Common Types of Dementia

Alzheimer's Disease

This is the most common cause of dementia, accounting for about two thirds of cases in those aged 65 and above. In truth, we don't really know what causes it but the presence of abnormal forms of two proteins - amyloid and tau - is necessary to make a conclusive diagnosis. Traditionally, these proteins could only be detected post-mortem - by looking at samples of brain tissue. Excitingly though we have now developed brain scans that give a good indication about how much amyloid and tau is in the brain when a person is living. In Australia, these scans are only available to researchers but that will hopefully change with time.

Typical Alzheimer's disease starts with difficulty remembering new things - generally presenting as forgetfulness of recent events and conversations. Memory of things from long ago tends to be more robust and is often not lost until later in the journey. Disorientation can occur early on, especially with regard to knowing days and dates. As the disease spreads, there may be problems with planning and organisation as well as language and calculation. Recognition of familiar objects may falter and familiar people may be forgotten. These are so called cognitive symptoms, but there are often also changes in behaviour and psychological changes such as anxiety, depression and agitation. In the later stages, physical abilities become impacted, leading potentially to problems walking, speaking and swallowing as well as incontinence. It is important to realise, however, that many of these things can be well treated and managed with the right supports.

Vascular Dementia

This type of dementia is caused by impairment of blood supply to the brain, either because of blood clots lodging in large or small blood vessels or through the vessel walls breaking and blood leaking into the surrounding brain tissue. The symptoms can be quite varied and depend to on which part of the brain is affected. Memory impairment is common, though often it is the recall of the memory that is faulty, meaning that with sufficient time and clues, the information will come out. This contrasts to Alzheimer's disease where new memories often don't go in in the first place and providing clues is of little help. Changes in mood seem to occur commonly with vascular disease - especially depression - and there may be a general slowing of thinking. Disorganisation can occur, along with concentration difficulties and problems with planning.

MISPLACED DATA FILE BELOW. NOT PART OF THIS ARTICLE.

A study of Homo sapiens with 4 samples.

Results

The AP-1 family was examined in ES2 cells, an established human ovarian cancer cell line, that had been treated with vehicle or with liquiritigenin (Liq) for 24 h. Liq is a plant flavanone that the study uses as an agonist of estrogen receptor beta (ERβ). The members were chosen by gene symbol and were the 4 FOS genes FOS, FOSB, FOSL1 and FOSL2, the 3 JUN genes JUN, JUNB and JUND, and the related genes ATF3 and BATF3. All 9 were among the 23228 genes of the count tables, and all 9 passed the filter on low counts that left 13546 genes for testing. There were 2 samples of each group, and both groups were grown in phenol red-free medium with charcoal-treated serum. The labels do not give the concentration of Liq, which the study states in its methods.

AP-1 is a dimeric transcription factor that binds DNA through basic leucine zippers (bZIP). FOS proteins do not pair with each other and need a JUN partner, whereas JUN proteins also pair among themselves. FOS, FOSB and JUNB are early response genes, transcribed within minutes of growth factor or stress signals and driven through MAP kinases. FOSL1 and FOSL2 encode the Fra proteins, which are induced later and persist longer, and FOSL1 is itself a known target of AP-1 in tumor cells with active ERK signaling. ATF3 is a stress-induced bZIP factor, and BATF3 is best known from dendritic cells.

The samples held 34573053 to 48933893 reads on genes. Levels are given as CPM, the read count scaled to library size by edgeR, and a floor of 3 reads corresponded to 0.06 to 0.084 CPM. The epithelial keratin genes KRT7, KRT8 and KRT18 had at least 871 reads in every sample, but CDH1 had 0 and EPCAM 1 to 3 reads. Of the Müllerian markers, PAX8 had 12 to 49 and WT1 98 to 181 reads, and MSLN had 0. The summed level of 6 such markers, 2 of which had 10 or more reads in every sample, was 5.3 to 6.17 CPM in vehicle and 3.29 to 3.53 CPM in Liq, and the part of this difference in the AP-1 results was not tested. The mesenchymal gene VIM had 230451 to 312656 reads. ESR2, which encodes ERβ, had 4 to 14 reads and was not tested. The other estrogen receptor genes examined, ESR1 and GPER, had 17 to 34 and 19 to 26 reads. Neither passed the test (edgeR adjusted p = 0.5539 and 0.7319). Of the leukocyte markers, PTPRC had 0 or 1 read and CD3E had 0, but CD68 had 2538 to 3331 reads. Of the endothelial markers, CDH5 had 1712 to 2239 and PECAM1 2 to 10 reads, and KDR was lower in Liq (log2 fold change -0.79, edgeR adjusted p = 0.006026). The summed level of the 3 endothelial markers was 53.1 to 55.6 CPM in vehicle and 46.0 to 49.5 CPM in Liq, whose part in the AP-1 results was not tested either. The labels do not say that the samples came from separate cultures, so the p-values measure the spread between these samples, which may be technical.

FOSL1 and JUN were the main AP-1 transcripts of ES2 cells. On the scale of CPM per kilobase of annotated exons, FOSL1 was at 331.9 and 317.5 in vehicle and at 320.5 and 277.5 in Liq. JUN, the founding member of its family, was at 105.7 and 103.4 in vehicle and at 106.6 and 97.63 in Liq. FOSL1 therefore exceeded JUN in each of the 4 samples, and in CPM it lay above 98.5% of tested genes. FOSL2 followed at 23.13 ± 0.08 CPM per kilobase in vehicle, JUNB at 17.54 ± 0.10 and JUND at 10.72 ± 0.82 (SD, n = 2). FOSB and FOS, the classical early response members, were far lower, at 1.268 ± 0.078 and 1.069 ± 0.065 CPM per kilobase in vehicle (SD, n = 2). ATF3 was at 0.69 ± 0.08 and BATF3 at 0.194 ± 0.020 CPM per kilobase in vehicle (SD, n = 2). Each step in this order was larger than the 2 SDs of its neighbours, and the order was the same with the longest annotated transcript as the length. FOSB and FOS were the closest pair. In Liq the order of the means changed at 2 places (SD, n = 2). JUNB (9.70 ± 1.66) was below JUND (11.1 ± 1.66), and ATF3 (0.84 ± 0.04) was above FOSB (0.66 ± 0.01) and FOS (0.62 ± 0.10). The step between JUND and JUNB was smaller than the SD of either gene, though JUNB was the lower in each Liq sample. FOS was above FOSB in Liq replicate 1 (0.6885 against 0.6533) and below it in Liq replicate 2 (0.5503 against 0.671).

Vascular dementia and Alzheimer's dementia often occur together - especially where the dementia occurs in late life - and each one seems to increase the risk of the other.

Lewy Body Dementia

Lewy bodies are an abnormal deposit of another protein - alpha-synuclein - and if there are sufficient of them in the brain, they can cause dementia. Lewy bodies also exist in Parkinson's disease, condition that can also result in dementia. Lewy body dementia often has quite striking and characteristic symptoms and signs - someone with the condition may rapidly fluctuate in their level of consciousness and confusion, going from being reasonably lucid and alert one moment to confused and lethargic the next. There are often pronounced changes in visuospatial skills and there may be visual hallucinations which can be quite vivid and distressing. With time, the physical features of Parkinson's disease usually appear - hand tremors, increased muscle tone and stiffness and slowed movements.

Lewy body dementia and Alzheimer's disease also seem to occur together at times.

Frontotemporal Dementia

This type of dementia affects the frontal lobes or the temporal lobes of the brain and can itself be due to a number of damage-inducing proteins. It is one of the most common causes of younger-onset dementia (defined as starting before the age of 65).

If it mostly affects the front part of the brain, the changes are are often, initially at least, mainly behavioural and psychological. They might include apathy, irritability, impulsivity, mood changes, anxiety or compulsive behaviours. Some people with this so calledfrontal variant or behavioural variant may start to act inappropriately, perhaps with a loss of their normal social inhibitions.

If the temporal lobe is most affected, the problem is mainly with language - either in the ability to express yourself (in speech and writing) and/or the ability to understand what is being said to you.

Unlike Alzheimer's disease, memory can be reasonably well preserved early in the disease process.